BURLINGTON, N.D. (AP) — The Des Lacs River’s slow decline took the pressure off a fragile dam and the people who live nearest it, with most of the evacuees in a 30-home development filtering back home to turn their attention to cleanup and flooded basements.
Fire Chief Karter Lesmann said the neighborhood wasn’t in the clear yet, but cooler weather had slowed runoff from snow lingering in the area, leaving him optimistic.
“It’s really looking good for us right now,” Lesmann said Thursday evening. Just two days after an estimated 25 of the houses had been evacuated, Lesmann said all but five to 10 homeowners had returned.
Water levels had fallen more than a foot and the river had retreated from overflowed banks by about 3 feet compared with a day earlier, state and local officials said. Water behind the troubled Burlington Dam No. 1 was down by about a half-foot, and the dam was holding steady, said Todd Sando, North Dakota’s state engineer.
Flooding fears eased elsewhere in North Dakota, too. A 30-mile stretch of Interstate 29 reopened north of Fargo after being closed by overland flooding, and to Fargo’s west, officials said Valley City appeared poised to escape flooding from the Sheyenne River after raising its levees.
In Burlington, the strength of the 77-year-old dam has been suspect for decades, but this year’s flooding has spurred a need to either repair the dam or intentionally breach it by next spring, Sando said.
The dam was built in the 1930s for irrigation and to provide water to homesteaders. Officials said the reservoir behind it no longer serves either purpose. Sando said draining the reservoir through a planned breach would relieve the pressure, but areas nearby might still be susceptible in flood years.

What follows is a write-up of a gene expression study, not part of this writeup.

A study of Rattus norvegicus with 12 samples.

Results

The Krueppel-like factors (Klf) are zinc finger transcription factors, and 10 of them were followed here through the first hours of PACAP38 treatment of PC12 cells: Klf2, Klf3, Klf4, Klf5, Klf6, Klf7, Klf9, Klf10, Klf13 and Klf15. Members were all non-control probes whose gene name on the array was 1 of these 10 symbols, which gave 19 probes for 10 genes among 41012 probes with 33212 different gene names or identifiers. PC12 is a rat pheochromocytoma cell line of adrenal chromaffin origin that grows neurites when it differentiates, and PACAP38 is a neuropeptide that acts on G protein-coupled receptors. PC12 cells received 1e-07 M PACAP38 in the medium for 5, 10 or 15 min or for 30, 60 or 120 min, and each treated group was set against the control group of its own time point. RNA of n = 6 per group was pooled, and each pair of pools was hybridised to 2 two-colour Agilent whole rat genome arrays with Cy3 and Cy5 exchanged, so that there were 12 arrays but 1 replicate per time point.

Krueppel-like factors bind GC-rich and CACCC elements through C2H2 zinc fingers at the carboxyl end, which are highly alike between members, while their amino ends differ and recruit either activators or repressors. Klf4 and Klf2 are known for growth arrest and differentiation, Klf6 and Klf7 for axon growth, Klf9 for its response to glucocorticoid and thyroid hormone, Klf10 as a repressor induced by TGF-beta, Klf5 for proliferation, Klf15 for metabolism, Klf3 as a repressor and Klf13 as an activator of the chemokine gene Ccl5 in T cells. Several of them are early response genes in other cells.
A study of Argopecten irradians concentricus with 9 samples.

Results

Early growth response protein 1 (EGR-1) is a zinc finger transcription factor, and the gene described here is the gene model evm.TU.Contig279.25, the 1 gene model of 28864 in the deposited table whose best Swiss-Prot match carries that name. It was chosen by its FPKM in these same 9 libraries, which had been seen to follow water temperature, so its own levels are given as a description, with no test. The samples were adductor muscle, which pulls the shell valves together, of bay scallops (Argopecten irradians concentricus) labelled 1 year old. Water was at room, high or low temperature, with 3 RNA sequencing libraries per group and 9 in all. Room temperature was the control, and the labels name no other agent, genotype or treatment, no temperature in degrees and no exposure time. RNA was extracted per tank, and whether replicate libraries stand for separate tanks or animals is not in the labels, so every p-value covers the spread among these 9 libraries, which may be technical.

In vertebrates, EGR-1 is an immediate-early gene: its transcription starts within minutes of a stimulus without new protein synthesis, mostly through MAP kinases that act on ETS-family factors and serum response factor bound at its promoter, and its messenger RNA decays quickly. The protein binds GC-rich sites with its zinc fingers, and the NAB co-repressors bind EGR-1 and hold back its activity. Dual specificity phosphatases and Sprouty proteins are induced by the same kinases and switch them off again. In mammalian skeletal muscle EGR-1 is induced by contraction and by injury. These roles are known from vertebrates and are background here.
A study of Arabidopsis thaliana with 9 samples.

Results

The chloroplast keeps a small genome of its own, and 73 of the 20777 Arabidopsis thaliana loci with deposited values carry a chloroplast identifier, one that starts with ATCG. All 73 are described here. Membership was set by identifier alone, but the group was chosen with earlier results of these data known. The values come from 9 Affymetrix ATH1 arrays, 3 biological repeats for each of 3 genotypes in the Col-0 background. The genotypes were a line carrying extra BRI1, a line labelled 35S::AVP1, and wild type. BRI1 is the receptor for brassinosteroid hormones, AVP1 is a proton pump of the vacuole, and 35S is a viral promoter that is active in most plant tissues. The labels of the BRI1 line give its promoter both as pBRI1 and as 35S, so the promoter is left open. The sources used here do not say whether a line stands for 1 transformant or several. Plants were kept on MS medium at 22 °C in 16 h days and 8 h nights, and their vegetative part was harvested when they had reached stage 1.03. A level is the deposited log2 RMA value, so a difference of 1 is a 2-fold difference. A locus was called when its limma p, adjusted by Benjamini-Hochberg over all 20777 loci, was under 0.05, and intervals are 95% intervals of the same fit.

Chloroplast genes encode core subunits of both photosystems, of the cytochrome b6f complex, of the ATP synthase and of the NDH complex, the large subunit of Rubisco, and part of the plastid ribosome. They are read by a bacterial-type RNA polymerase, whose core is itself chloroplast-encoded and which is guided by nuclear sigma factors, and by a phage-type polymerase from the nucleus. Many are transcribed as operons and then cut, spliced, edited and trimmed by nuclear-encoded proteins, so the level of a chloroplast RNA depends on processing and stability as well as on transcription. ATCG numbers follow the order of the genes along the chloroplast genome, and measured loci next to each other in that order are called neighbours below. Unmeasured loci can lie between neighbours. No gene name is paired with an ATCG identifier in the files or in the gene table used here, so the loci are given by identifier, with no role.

For now, authorities are watching the ailing structure with remote video cameras, fearing that any attempt to shore up the dam — or even walk across it — could cause it to collapse.
About 1,200 people live in Burlington, located about eight miles northwest of Minot. Those in most immediate danger are on the west edge of town, and Lesmann said the risk to the rest of the city was “very, very minimal.”
Warnings would be issued by a reverse 911 telephone system if the dam fails, Lesmann said.
Sando said any breach would be slowed by an adjacent railroad bridge before water would hit homes. He said no homes would be in danger of being swept away from the current.
Jennifer Olonia and her husband, Matt, have remained at their home to try to save it from the bloated river, which has made its way into their basement. They worried about not being able to hear emergency telephone calls because of noise from vacuum cleaners and sump pumps that are being used to suck water from their home.
“We’re doing what we got to do,” Jennifer Olonia said, filling a 10-gallon shop-vac every minute or so Thursday. “It’s sludge, mud and yuck and more sludge, mud and yuck. It’s a mess.”
Olonia, a plumber, and his wife, a restaurant cook, have taken off work the past several days to save their home. Their heater has been swamped by floodwater so the couple has been running their oven with the door open for heat. Temperatures were in the mid-20s Thursday morning.
The river had receded several feet on the Olonias’ property in less than a day, though a beaver was swimming in floodwater that had been their yard. They still worry a dam break could ruin their home despite sandbag fortifications.
“We’re hoping we have enough clearance to handle a breach,” she said. “But nobody knows.”
Authorities had considered dropping half-ton sandbags from a National Guard helicopter to shore up the dam. But state engineers said the sandbags could do more harm than good.
The Olonias and others are frustrated that nothing had been done.
“They should be doing something, because something is better than nothing,” Jennifer Olonia said.